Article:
Elmore Leonard has long had an irresistible formula for his grit-and-polish crime novels: flawed heroes, strong women, rich or powerful people who abuse their privilege, reasonably clever mob bosses, and not-so-swift crooks - all entangled in stories that are set (at least in part) in Detroit or South Florida, and that undergo plot twists that are surprising yet plausible.
Leonard has rarely been formulaic, though. While using similar pieces, he has wrapped them in a special ability to conceive stories that seem effortlessly real, without requiring even the slightest suspension of disbelief. And he's done it so consistently that readers have come to count on it.
That's why his 36th novel is such a keen disappointment. Coming on the heels of the leaden "Be Cool," his 1999 follow-up to "Get Shorty," "Pagan Babies" raises the awful possibility that Leonard's deep, deep well may be running dry.
In the flawed-hero role this time is Father Terry Dunn, who is somewhat casually ministering to local Rwandans in the wake of the Tutsi-Hutu genocide. Only weeks before the violence began, he had arrived in Rwanda to help his uncle, Father Toreki, tend his flock of 40 years.
Toreki was hospitalized in Kigali when the killing started. He asked Dunn to return to the countryside and bring the Tutsis into his church, because it had always been a place of safety. Dunn did so, with horrible results. Murderous Hutus burst in and began hacking their victims while Dunn stood by, unable to stop it. The memory left a scar on his soul he has been unable to salve, in part because some of the killers lived in his village, even came to him for confession.
When word comes one day that his mother has died, Father Dunn decides, on the spot, to return home - not for the funeral, which he'll miss, but for good; it's almost as if she had been why he left Detroit in the first place. But before he goes, he takes a stab at meting out some of the justice he has seen denied.
Playing the role of the strong woman is Debbie Dewey, who worked as an investigator for Dunn's lawyer-brother before she was sent to prison for running down Randy, a former boyfriend who didn't just swindle her, but even sneered in her face when she found out. Upon her release, she returns to Detroit to pursue two plans she hatched in prison: to break into stand-up comedy, and to get her money back from Randy. (He is the dishonest rich guy, having come out of a divorce with a restaurant to call his own.) The first night she performs, the Dunn brothers are in the audience, and afterward, Terry and Debbie realize their affinity for each other, and begin to see how they can help each other.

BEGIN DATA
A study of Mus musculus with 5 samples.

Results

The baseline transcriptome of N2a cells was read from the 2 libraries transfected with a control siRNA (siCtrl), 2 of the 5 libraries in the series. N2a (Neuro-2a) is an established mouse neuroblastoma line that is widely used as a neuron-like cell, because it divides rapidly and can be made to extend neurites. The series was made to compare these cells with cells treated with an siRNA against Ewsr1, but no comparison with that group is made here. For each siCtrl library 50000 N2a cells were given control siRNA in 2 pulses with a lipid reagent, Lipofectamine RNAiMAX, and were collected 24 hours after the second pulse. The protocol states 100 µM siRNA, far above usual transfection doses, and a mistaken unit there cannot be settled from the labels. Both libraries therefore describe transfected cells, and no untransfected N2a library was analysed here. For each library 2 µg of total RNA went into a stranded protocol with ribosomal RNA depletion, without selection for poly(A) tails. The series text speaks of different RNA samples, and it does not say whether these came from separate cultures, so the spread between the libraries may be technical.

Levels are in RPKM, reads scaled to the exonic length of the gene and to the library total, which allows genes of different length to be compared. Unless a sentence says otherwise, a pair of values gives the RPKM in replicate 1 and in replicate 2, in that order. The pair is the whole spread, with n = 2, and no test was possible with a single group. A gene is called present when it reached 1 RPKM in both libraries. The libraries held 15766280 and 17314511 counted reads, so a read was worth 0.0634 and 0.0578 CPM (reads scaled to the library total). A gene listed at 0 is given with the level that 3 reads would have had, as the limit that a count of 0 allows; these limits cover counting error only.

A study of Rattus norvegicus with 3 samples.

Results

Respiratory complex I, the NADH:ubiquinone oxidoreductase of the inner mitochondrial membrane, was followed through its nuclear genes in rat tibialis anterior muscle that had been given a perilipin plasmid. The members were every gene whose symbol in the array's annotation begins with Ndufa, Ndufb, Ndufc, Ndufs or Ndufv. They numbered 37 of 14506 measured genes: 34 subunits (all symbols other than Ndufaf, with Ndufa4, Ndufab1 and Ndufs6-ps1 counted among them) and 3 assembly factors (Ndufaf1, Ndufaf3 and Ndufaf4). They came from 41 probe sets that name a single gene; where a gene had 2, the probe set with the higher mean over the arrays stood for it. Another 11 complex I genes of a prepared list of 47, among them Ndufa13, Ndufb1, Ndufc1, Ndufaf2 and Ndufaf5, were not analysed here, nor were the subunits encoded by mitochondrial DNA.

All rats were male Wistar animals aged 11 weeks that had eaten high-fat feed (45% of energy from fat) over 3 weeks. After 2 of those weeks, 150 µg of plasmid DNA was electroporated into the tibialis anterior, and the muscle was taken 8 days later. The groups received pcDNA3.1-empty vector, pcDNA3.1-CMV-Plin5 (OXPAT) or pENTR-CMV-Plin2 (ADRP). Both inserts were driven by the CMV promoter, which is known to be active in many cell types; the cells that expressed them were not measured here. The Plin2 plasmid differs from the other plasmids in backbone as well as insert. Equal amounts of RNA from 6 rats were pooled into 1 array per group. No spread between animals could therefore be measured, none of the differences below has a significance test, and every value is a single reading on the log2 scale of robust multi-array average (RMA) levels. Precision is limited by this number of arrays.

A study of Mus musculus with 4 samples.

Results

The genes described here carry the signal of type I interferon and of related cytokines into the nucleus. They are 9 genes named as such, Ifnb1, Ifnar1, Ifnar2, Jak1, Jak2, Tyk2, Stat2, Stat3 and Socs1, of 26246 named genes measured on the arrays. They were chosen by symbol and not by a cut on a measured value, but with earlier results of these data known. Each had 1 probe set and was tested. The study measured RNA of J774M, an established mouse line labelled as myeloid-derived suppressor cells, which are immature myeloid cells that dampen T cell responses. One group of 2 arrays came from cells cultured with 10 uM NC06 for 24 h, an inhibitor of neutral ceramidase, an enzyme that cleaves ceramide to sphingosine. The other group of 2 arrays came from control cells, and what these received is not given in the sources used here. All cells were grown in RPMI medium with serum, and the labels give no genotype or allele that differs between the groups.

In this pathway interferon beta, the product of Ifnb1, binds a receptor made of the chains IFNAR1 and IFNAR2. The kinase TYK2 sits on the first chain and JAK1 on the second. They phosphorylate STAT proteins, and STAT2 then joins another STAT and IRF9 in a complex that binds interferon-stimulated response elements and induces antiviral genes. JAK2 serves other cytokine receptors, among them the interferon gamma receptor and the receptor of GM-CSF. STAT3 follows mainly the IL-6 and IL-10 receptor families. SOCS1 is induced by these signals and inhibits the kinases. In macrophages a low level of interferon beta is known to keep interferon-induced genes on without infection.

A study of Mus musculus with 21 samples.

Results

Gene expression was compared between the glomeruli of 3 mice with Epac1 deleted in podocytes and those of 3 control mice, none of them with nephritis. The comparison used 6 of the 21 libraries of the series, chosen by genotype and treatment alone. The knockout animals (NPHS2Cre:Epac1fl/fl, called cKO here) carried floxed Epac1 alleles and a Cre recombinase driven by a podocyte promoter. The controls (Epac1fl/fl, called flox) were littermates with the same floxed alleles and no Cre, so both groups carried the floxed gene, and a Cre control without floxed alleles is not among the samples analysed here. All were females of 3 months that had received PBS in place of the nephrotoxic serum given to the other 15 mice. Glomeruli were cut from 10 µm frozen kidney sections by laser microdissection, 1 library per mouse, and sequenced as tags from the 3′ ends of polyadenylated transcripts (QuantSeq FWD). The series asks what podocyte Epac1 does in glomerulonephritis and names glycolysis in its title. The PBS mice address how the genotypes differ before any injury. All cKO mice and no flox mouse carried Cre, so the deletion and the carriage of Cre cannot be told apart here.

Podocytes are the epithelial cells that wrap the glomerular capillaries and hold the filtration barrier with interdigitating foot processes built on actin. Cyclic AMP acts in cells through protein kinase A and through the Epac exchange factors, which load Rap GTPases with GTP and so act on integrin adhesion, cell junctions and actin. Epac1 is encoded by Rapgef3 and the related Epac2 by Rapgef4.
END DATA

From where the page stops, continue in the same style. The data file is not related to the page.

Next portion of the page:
Leonard rolls out these back stories over the first hundred pages or so in a pedestrian way, though there are still traces of his uniqueness. He has always had a good ear for patois, for example, and the ability to say it back in print: "Bless me, Fatha, for I have sin. I kill seven people that time I'm still a boy."
And especially for a septuagenarian, Leonard speaks the cultural lingo; in just the first few pages, while the setting is still Africa, he mixes in references to Nine Inch Nails and Ziggy Marley and the Melody Makers. He even finds room for the Stone Coyotes, the rock band that played a central role in "Be Cool."
These touches are proof that he is still Elmore Leonard, but there's enough conflicting evidence for consternation. The Mutt, for example, the leading not-too-swift crook, is a mere caricature when put up against, say, Clement Mansell of "City Primeval," or either Bo Catlett or Ray Bones of "Get Shorty." Fumbled foreshadowing telegraphs what used to jump out as delightful surprise.
In "Pagan Babies," events don't unfold so much as arrive, one after another, until it's over, and one is left with the empty feeling of having read just another story, instead of the thrill and amusement that used to close out an Elmore Leonard special.